2017年7月1日 星期六

suss, ill-advised, self-harm injuries, figure, underreport and fear

  It's getting easier to suss out counterfeit whiskey:

The sham dram detector uses fluorescent dyes to single out counterfeit drinks
Google's 'war room' gets ready for World Cup final
Their efforts to monitor World Cup-related searches, suss out interesting trends and then quickly create fun illustrations on Google's World Cup page ...

France’s Sale of Ships to Russia Is Ill-Advised, U.S. Warns

Secretary of State John Kerry said in a meeting with the French foreign minister that the delivery of the vessels would not help the political situation in eastern Europe.


Ian Falconer: By the Book

The author and illustrator, most recently, of "Olivia and the Fairy Princesses" says good children's books don't underestimate the reader. "Children will figure things out."

Trust: Ill-Advised in a Digital Age
How trust is cultivated, destroyed and tweaked in the digital age.

 Start with APIs. These are the link which allows software developers to create applications which interact seamlessly with a programming language (like Java or C++) or a service (like Facebook or Twitter). Without an API, programmers would first have to suss out how the gears and cogs inside the target platform work, and then construct software to mesh with those. Moreover, different hardware platforms would require separate software versions, which would need to be constantly updated as languages or services are tweaked by their makers. APIs limit such inefficiencies.

A 43-year-old woman has been arrested on suspicion of murder following the discovery of two children's bodies in a car in Heathfield, East Sussex.
The bodies of a boy and a girl, both aged under five, were discovered when officers broke into a car parked in Mill Close shortly before noon.
A woman was arrested after reporting an "incident" to police and was taken to hospital with "self-harm injuries".
Sussex Police said the woman and two children were known to each other.
Post-mortem examinations are due to take place on Thursday when the children's identities are expected to be released.

Meanwhile, the SEC charged Ms. Heinen with participating in the fraudulent options issued to Mr. Jobs and other executives in 2001, and with altering company records to conceal the fraud. The SEC alleges the scheme caused the company to underreport its expenses by almost $40 million. Her attorneys have vowed to fight the case.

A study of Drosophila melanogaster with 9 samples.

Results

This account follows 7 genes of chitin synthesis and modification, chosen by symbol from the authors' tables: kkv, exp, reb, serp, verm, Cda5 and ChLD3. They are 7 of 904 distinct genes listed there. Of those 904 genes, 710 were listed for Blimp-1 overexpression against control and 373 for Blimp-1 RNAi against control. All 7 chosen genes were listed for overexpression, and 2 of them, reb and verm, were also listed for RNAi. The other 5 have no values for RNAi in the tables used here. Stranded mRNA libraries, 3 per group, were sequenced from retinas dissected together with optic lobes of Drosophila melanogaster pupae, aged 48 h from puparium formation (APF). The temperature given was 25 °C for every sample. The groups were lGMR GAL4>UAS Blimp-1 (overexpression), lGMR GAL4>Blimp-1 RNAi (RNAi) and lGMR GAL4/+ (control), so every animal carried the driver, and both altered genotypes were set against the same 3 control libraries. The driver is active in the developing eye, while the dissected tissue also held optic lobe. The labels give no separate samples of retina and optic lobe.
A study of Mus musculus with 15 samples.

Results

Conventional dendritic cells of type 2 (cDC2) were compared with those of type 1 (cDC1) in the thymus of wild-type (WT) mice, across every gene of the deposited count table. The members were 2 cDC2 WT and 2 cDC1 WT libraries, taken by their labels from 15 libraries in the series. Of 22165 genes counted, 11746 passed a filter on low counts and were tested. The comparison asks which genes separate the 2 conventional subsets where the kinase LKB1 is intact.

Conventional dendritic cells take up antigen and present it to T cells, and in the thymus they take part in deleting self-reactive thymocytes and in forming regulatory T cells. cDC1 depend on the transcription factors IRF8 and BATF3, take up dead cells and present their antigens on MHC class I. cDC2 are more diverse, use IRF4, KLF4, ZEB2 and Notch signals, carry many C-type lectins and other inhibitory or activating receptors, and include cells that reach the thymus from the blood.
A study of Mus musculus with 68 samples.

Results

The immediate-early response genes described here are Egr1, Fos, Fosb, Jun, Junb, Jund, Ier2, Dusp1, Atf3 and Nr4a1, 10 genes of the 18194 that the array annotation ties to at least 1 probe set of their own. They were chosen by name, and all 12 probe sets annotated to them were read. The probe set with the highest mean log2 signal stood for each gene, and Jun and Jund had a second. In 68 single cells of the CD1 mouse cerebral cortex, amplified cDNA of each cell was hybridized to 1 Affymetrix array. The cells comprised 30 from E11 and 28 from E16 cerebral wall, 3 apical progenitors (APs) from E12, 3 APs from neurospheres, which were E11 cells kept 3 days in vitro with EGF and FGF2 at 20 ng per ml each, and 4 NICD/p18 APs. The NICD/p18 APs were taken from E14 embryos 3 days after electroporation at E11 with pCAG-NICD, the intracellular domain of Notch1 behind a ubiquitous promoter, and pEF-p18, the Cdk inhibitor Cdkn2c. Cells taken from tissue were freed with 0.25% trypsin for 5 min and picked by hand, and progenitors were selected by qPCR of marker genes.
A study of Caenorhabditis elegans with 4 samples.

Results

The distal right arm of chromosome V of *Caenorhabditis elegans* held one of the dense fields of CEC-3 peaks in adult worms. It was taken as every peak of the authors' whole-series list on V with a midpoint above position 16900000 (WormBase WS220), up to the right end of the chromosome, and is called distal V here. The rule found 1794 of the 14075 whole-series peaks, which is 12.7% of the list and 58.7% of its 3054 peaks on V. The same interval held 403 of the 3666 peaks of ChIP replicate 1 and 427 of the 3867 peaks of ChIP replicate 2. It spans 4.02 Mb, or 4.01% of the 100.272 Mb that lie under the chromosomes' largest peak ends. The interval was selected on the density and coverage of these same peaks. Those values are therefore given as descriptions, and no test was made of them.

UN to inspect Japan radiation site
Japan says it will let United Nations inspectors from the International Atomic Energy Agency visit its largest nuclear plant after an earthquake caused a radiation leak there. The Japanese government had at first said that an inspection was not necessary, but has come under pressure from local authorities to allow a visit to calm public concern. The 6.8-magnitude earthquake on July 16 caused a fire for hours at the nuclear plant in Niigata prefecture, some 250 kilometres northwest of Tokyo. The plant's operator later said that a small amount of radiation leaked, but has come under criticism for initially 

To report (income or crime statistics, for example) as being less than actually is the case.
v. tr. - 使少報收入等 v. intr. - 少報收入等
日本語 (Japanese) v. - 過少に報告する

underreporting radiation levels.
Overreport 有道理 卻幾乎沒用例
Quote from W. Edwards Deming:
Whenever there is fear, you will get wrong figures. 

怕了就以偽造數字了事;fear 和 figure 押韻

self- injury
The act of intentionally hurting oneself. One manifestation of this is known as cutting.

(sŭs) pronunciation
tr.v. Slang, sussed, suss·ing, suss·es.
  1. To infer or discover; figure out: "I think I'm good at sussing out what's going on" (Ry Cooder).
  2. To size up; study: "Suss out the designers in whom you are interested" (Lucia van der Post).
[Probably short for SUSPECT.]


 (twēk) pronunciation
tr.v., tweaked, tweak·ing, tweaks.
  1. To pinch, pluck, or twist sharply.
  2. To adjust; fine-tune.
  3. To make fun of; tease.
  1. A sharp, twisting pinch.
  2. A teasing remark or action; a joke.
[Probably variant of dialectal twick, from Middle English twikken, from Old English twiccian.]
tweaky tweak'y adj.

  • 発音記号[twíːk]

1 …をつまんでぐいと引っ張る[ひねる].
2 〈機械などを〉微調整する.
3 ((米俗))(麻薬の禁断症状で)じりじり[いらいら]させる.


Line breaks: ill-advised
Pronunciation: /ˌɪlədˈvʌɪzd/


  • Not sensible, wise, or prudent: you would be ill-advised to go on your own
    More example sentences
    • This is delicate but to be encouraged (though Americans would be ill-advised to go anywhere near such a program with aid dollars).
    • Even if, like Harold Wilson in 1974-76, he had already decided to step down, he would be ill-advised to announce this before the eleventh hour.
    • However, when purchasing cloves - and they're readily available in most supermarkets and food shops - you will be ill-advised to buy the ground variety.



Pronunciation: /-zɪdli/

More example sentences
  • The Coast Guard, by the way, unfortunately - and in my opinion, ill-advisedly - sank this wonderful contraption that was a vehicle for freedom for these people.
  • He decided to curb his alcohol consumption and ill-advisedly he turned to the heavy use of cannabis.
  • The Donner Pass was named after the emigrants from the Midwest who ill-advisedly brought their wagon train up through these mountains in 1844 and had to resort to cannibalism to survive the winter.